Author

  • Dawit Zerom

Abstract

The evaluation of the impact of an increase in gasoline tax on demand relies crucially on the estimate of the price elasticity. This article presents an extended application of the Partially Linear Additive Model (PLAM) to the analysis of gasoline demand using a panel of U.S. households, focusing mainly on the estimation of the price elasticity. Unlike previous semiparametric studies that use household-level data, we work with vehicle-level data within households that can potentially add richer details to the price variable. Both households and vehicles data are obtained from the Residential Transportation Energy Consumption Survey (RTECS) of 1991 and 1994, conducted by the U.S. Energy Information Administration (EIA). As expected, the derived vehicle-based gasoline price has significant dispersion across the country and across grades of gasoline. By using a PLAM specification for gasoline demand, we obtain a measure of gasoline price elasticity that circumvents the implausible price effects reported in earlier studies. In particular, our results show the price elasticity ranges between -0.2, at low prices, and -0.5, at high prices, suggesting that households might respond differently to price changes depending on the level of price. In addition, we estimate separately the model to households that buy only regular gasoline and those that buy also midgrade/premium gasoline. The results show that the price elasticities for these groups are increasing in price and that regular households are more price sensitive compared to nonregular.

Suggested Citation

  • Sebastiano Manzan & Dawit Zerom, 2010. "A Semiparametric Analysis of Gasoline Demand in the United States Reexamining The Impact of Price," Econometric Reviews, Taylor & Francis Journals, vol. 29(4), pages 439-468.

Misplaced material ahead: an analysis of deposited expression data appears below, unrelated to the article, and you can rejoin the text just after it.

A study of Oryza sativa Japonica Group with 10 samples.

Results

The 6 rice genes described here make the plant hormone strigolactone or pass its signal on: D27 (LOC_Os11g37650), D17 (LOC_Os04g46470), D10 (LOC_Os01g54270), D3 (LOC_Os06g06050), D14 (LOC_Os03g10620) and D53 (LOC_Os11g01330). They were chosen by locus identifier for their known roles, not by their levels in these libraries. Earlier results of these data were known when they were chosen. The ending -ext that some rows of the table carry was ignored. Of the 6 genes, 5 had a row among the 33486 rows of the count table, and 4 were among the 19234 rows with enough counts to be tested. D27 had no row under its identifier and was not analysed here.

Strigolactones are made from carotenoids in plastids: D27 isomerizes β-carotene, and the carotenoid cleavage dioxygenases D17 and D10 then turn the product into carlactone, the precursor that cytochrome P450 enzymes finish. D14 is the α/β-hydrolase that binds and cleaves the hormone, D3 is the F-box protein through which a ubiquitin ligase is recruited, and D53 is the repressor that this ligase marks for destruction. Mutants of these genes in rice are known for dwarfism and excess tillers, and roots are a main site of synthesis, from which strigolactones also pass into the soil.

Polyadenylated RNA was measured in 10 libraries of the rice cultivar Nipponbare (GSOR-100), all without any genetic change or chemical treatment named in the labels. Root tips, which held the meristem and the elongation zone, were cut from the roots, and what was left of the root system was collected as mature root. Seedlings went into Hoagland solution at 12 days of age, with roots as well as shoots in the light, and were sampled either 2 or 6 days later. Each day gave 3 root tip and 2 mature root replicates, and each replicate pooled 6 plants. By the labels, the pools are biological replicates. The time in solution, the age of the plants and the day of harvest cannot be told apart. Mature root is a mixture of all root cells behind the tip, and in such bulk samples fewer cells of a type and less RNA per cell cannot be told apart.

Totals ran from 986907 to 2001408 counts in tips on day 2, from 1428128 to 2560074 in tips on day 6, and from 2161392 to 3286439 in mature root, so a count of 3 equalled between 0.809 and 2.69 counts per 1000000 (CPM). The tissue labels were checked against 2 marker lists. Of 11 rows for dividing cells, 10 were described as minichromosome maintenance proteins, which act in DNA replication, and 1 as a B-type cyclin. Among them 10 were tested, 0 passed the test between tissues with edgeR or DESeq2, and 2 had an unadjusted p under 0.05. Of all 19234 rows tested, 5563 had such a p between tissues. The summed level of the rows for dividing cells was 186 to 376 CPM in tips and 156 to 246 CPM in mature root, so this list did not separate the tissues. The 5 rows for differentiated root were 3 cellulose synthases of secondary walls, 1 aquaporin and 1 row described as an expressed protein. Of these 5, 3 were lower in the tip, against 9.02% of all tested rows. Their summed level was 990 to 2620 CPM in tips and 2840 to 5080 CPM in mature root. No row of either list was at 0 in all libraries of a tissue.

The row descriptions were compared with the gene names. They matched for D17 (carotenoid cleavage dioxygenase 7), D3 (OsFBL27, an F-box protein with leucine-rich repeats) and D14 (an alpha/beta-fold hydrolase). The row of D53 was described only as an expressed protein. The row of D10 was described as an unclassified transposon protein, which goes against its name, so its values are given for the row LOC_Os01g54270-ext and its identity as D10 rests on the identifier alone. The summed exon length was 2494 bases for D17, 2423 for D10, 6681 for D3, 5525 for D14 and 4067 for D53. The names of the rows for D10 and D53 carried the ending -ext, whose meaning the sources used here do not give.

• Handle: RePEc:taf:emetrv:v:29:y:2010:i:4:p:439-468
    DOI: 10.1080/07474930903562320


    1. Liu, Weiwei, 2015. "Gasoline taxes or efficiency standards? A heterogeneous household demand analysis," Energy Policy, Elsevier, vol. 80(C), pages 54-64.
    2. Liu, Weiwei, 2014. "Modeling gasoline demand in the United States: A flexible semiparametric approach," Energy Economics, Elsevier, vol. 45(C), pages 244-253.
    3. Tiezzi, Silvia & Verde, Stefano F., 2016. "Differential demand response to gasoline taxes and gasoline prices in the U.S," Resource and Energy Economics, Elsevier, vol. 44(C), pages 71-91.
    4. repec:eee:eneeco:v:67:y:2017:i:c:p:346-354 is not listed on IDEAS
    5. Havranek, Tomas & Irsova, Zuzana & Janda, Karel, 2012. "Demand for gasoline is more price-inelastic than commonly thought," Energy Economics, Elsevier, vol. 34(1), pages 201-207.
    6. Eakins, John, 2016. "An application of the double hurdle model to petrol and diesel household expenditures in Ireland," Transport Policy, Elsevier, vol. 47(C), pages 84-93.
    7. Marzoughi, Hassan & Kennedy, P. Lynn, "undated". "The Impact of Ethanol Production on the U.S. Gasoline Market," 2012 Annual Meeting, February 4-7, 2012, Birmingham, Alabama 119752, Southern Agricultural Economics Association.
    8. Haotian Chen & Xibin Zhang, 2014. "Bayesian Estimation for Partially Linear Models with an Application to Household Gasoline Consumption," Monash Econometrics and Business Statistics Working Papers 28/14, Monash University, Department of Econometrics and Business Statistics.